The California Court of Appeal recently issued an opinion confirming the standard for determining an insurer’s bad faith conduct is whether the insurer acted unreasonably, not whether the insurer refused to pay a reasonable claim. I recently blogged about the California standards for proving bad faith.1 About a week after that blog post, lawyers for Pacific Specialty Insurance Company asked a Los Angeles judge to enter summary judgment against a Merlin client’s bad faith claims because bad faith was supposedly an intentional tort (i.e., the insured needed to prove intent to harm). Not surprisingly, the judge ruled in our client’s favor and rejected this argument. As noted in the blog post, bad faith only requires proof the insurer acted “unreasonably.” About a week later, California’s Second Appellate District Court confirmed in a separate case that bad faith only requires evidence of “unreasonable” conduct.2 Sorry, Pacific Specialty.

In this recently published decision (“Pinto”), the court confirmed that to prove bad faith, there must be a finding that the insurance company acted “unreasonably.” The case arose on a procedural technicality about jury verdict forms. The form used at the bad faith trial asked the jury to determine if the insurer failed to accept a “reasonable” settlement of the claim. The jury agreed. The insurer argued this finding was insufficient to support a finding of bad faith because the form did not ask, and there was therefore no finding by the jury, that the insurer’s failure to accept the settlement was “unreasonable.” In other words, the insurer argued that the jury must evaluate the reasonableness of the insurer’s conduct as opposed to the reasonableness of the insured’s claim. The court agreed. It did not rule on whether the insurer’s conduct was actually unreasonable.

This published opinion provides a good example of how and how not to argue bad faith, even during the underlying insurance claim. For example, arguing that your proof of loss or causation analysis is “reasonable” would not actually suffice as an argument the insurer is acting in bad faith. Instead, the argument must focus on how the insurer’s refusal to accept those items must have been unreasonable. Think of all the other reasons the insurance company might argue its conduct was reasonable. In the Pinto case, for instance, the insurer argued that its failure to accept the demand was reasonable, noting that the demand terms were too vague and one of the insureds was non-responsive. Applying this to a real claim adjustment, perhaps an insurer did not accept a reasonable proof of loss within forty (40) days as required by law.3 Does that failure alone constitute unreasonable behavior? Perhaps, but more is needed – why did the insurer not respond in time? If you are not asking those questions, you are not properly demonstrating bad faith.

This ruling also provides a fresh reminder that the standard for proving bad faith is not stringent. There is no need to prove malice, fraud, oppression, or anything of the sort. Instead, the evidence must merely demonstrate that the insurance company’s conduct was unreasonable. This is one of many reasons why we usually advise public adjusters and insureds that there is no need to argue the insurance company did anything more. In fact, when you argue the insurance company’s conduct was worse than “unreasonable,” you set the bar higher for yourself in terms of the standard of proof. Also, such attacks are often counter-productive as insurance company adjusters expect you to lead with facts if your facts are strong, and interpret a quick resort to aggressive allegations as a sign of weakness in the claim.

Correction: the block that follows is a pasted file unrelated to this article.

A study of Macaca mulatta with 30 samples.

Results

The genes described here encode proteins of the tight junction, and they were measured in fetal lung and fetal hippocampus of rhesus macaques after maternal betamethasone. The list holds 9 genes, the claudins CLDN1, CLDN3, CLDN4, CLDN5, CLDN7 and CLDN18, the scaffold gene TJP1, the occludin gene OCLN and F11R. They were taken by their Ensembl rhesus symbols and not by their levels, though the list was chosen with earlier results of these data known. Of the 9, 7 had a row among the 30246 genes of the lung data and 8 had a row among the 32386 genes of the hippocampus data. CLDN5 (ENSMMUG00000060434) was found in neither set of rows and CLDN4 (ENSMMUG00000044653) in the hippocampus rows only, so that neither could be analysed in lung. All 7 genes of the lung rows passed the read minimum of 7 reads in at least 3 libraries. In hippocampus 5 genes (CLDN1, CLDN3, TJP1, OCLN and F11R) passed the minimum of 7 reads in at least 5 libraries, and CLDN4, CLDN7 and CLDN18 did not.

Finally, the ruling provides a stark warning to lawyers. Use the right verdict forms! Never rely on standardized verdict forms if your case has facts differentiating it from the classic scenario. The lawyers in Pinto used the standard California jury instruction issued by the Judicial Council, “the policymaking body of the California courts . . . [u]der the leadership of the Chief Justice.”4 The standard jury instruction form utilized in Pinto is called CACI No. 2334, and it was drafted for the specific factual scenario where a liability carrier fails to accept a reasonable settlement demand within the limits. That form fails to ask the jury if the insurer “unreasonably” failed to accept the demand.5 Pinto calls into question whether that form can ever properly be used again. Nonetheless, the insurance company’s arguments in Pinto appear to have been heavily focused on the reasonableness of its failure to accept the demand, not the demand itself. Note, because this was a liability insurance case, we do not express any significant opinions on the outcome specific to that context and wish the policyholders well in their anticipated appeal to the California Supreme Court.
1 As I noted in that blog post, California courts have stated that bad faith is an “imprecise label for what is essentially some kind of unreasonable insurer conduct[.]” Austero v. National Cas. Co. (1978) 84 Cal.App.3d 1, fn. 22, disapproved of by Egan v. Mutual of Omaha Ins. Co. (1979) 24 Cal.3d 809.
2 Pinto v. Farmers Ins. Exchange, No. B295742, 2021 WL 857776 (Cal. App. Mar. 8, 2021).
3 10 Cal. Code Regs. § 2695.7(b).
5 CACI No. 2334. Bad Faith (Third Party)—Refusal to Accept Reasonable Settlement Within Liability Policy Limits—Essential Factual Elements. Judicial Council of California Civil Jury Instructions (2020 edition).